The Odisha government has launched a drive to restore the entitlements of the “poorest of the poor” households that were deleted last year from the Antyodaya food scheme.
In March 2015, the Modi government had issued a notification to states to wind up Antyodaya Anna Yojana, a scheme that aims to provide subsidised foodgrain to the most vulnerable households. The Centre instructed states to phase out the Antyodaya category from the public distribution system, and told them that no beneficiaries may be added under the scheme anymore. It had to backtrack in October, however, when the move came under widespread criticism.
On the ground, these turnarounds created confusion. Lakhs of vulnerable households were excluded from their legal entitlements to subsidised food rations as states, including Odisha, Rajasthan and Delhi, went ahead with revising the lists of ration beneficiaries.
After that misstep, Odisha is now trying to restore the entitlements of the beneficiaries through fresh surveys at the block and ward level. Almost 5 lakh households, nearly 40% of the total, had lost their Antyodaya status after the central government’s first order last year. In the last month, Odisha has succeeded in including 61,000 families again in the programme.
“Odisha was in the process of issuing new ration cards under the National Food Security Act when the central government order created the impression that even the poorest households cannot continue to retain their Antyodaya status in food security schemes,” said Raj Kishor Mishra, who is the state's advisor to the Supreme Court in the Right to Food case. “By the time the Centre issued a second order withdrawing the first notification, the number of Antyodaya households [in Odisha] had fallen from 12.5 lakh households to 7.8 lakh in November.”
Mishra said the households that fell through the scheme’s safety net were particularly high in the tribal districts that are afflicted with extreme poverty and starvation deaths. In Bolangir, the number of Antyodaya households was cut from 52,880 to 31,981, in Kalahandi from 54,136 to 40,909, and in Koraput from 64,199 to 37,059.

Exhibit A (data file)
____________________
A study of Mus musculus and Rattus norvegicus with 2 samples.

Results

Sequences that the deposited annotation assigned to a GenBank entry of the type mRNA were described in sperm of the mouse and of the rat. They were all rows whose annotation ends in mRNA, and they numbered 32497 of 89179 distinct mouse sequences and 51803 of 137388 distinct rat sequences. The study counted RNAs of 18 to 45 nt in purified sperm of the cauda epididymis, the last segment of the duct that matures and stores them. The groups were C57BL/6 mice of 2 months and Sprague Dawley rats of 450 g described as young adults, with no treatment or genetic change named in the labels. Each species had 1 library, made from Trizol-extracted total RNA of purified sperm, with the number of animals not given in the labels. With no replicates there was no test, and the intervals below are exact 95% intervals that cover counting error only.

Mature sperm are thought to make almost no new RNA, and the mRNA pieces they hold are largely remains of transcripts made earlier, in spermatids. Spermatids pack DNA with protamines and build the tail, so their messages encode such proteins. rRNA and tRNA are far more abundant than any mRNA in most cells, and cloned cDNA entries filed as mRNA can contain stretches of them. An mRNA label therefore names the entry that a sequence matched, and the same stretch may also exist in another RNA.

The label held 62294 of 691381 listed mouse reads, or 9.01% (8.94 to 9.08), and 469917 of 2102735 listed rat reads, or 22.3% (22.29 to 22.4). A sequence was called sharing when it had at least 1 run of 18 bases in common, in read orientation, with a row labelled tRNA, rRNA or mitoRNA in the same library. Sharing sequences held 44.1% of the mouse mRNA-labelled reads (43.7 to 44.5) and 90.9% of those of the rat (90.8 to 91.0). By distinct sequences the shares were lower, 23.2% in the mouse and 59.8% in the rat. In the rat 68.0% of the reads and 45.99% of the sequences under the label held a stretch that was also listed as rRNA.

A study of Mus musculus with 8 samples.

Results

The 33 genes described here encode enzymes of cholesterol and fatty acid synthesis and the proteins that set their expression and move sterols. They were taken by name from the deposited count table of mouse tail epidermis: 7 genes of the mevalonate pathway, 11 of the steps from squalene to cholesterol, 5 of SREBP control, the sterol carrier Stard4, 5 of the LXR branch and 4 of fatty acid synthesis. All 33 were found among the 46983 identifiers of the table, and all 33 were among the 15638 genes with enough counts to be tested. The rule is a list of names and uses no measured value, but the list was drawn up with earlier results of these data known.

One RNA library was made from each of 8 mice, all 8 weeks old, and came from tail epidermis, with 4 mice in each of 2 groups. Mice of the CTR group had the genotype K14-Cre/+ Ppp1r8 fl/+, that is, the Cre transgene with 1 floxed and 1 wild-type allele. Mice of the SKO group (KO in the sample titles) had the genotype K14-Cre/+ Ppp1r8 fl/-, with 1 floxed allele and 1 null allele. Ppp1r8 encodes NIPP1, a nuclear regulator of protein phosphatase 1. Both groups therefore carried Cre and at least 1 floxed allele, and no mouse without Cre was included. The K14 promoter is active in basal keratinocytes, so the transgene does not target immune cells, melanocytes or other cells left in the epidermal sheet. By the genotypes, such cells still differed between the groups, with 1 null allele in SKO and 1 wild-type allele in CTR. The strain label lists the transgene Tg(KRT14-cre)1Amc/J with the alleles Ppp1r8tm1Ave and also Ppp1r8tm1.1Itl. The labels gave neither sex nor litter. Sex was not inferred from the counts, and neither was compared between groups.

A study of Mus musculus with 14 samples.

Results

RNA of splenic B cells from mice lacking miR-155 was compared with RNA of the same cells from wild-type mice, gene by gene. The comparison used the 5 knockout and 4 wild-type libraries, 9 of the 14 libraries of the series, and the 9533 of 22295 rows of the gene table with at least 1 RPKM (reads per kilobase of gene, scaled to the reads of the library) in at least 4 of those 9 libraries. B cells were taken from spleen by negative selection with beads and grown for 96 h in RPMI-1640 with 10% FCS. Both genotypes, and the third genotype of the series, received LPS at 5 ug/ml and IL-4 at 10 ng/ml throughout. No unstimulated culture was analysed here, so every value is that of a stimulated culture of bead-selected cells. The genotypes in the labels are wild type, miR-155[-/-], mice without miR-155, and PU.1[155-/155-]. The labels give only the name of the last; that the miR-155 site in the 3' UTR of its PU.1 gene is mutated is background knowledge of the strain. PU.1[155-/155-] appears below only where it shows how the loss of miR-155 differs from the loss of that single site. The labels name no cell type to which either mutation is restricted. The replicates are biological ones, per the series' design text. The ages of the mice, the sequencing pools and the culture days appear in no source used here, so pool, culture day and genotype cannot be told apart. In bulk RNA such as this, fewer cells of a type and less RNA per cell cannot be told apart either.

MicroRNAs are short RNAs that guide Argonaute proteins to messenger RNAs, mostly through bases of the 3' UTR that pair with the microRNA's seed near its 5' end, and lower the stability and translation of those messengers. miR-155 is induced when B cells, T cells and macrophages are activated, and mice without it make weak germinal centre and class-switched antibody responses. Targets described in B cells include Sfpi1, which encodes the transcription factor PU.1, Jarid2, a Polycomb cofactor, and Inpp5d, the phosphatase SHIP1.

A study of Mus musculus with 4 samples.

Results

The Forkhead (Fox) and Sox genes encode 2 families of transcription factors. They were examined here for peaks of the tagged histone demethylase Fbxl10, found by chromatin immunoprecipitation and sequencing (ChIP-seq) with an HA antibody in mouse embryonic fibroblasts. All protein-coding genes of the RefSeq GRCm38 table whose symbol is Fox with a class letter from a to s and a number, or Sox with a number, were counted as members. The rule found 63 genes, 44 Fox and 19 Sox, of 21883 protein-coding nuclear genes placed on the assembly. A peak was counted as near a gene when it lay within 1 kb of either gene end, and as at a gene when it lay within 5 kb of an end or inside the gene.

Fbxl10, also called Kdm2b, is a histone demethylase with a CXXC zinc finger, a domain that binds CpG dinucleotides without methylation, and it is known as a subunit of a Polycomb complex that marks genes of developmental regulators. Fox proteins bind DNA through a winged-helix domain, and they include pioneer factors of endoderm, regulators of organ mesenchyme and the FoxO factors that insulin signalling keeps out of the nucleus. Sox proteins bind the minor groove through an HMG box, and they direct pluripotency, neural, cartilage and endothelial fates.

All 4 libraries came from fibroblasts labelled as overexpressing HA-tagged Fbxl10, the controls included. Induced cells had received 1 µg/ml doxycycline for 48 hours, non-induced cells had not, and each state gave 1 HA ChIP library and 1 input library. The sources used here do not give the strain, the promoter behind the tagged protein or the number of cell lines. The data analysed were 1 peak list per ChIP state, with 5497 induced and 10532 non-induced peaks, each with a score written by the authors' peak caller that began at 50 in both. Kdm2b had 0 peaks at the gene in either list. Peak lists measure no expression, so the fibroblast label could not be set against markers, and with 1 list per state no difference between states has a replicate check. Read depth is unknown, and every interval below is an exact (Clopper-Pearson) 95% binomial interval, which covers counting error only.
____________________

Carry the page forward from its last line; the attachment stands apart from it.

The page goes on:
Madhusudan Padhi, principal secretary (food supplies and consumer welfare department), said the state government is trying to restore the Antyodaya status of the beneficiaries. “There has been a considerable reduction of Antyodaya beneficiaries. Over the next two to three months, we aim to re-enrol 3 lakh families in the programme through village-level drives.”
His department issued letters to all district collectors on February 27 to accept petitions from the excluded families and from additional households. It asked the collectors to make efforts to re-include households based on field verification of lists of beneficiaries from 2014.
Last mile beneficiaries
The Antyodaya Anna Yojana was launched in December 2000 by the Atal Bihari Vajpayee government to provide 35 kilos of foodgrain at nominal rates to the poorest category of households. Some states provide the foodgrain free of cost.
As per the directions of the Supreme Court in the Right to Food case (People’s Union for Civil Liberties vs Union of India), the Antyodaya category covers particularly vulnerable tribal households, elderly couples living in distress, households without shelter, households headed by disabled persons, or widows who cannot afford to buy foodgrains in the market.
The Modi government’s notification of March 2015 to phase out Antyodaya was opposed by the Right to Food campaign as an undermining of the safeguards for the vulnerable, and as a violation of the National Food Security law. The order was withdrawn in October 2015.
Like in Odisha, households were deleted from the Antyodaya scheme in Rajasthan and Delhi too. In Rajasthan, the number fell from 9.3 lakh families at the end of 2014 to 4.9 lakh in 2015, and in Delhi, from 1.58 lakh Antyodaya households to 77,886 households.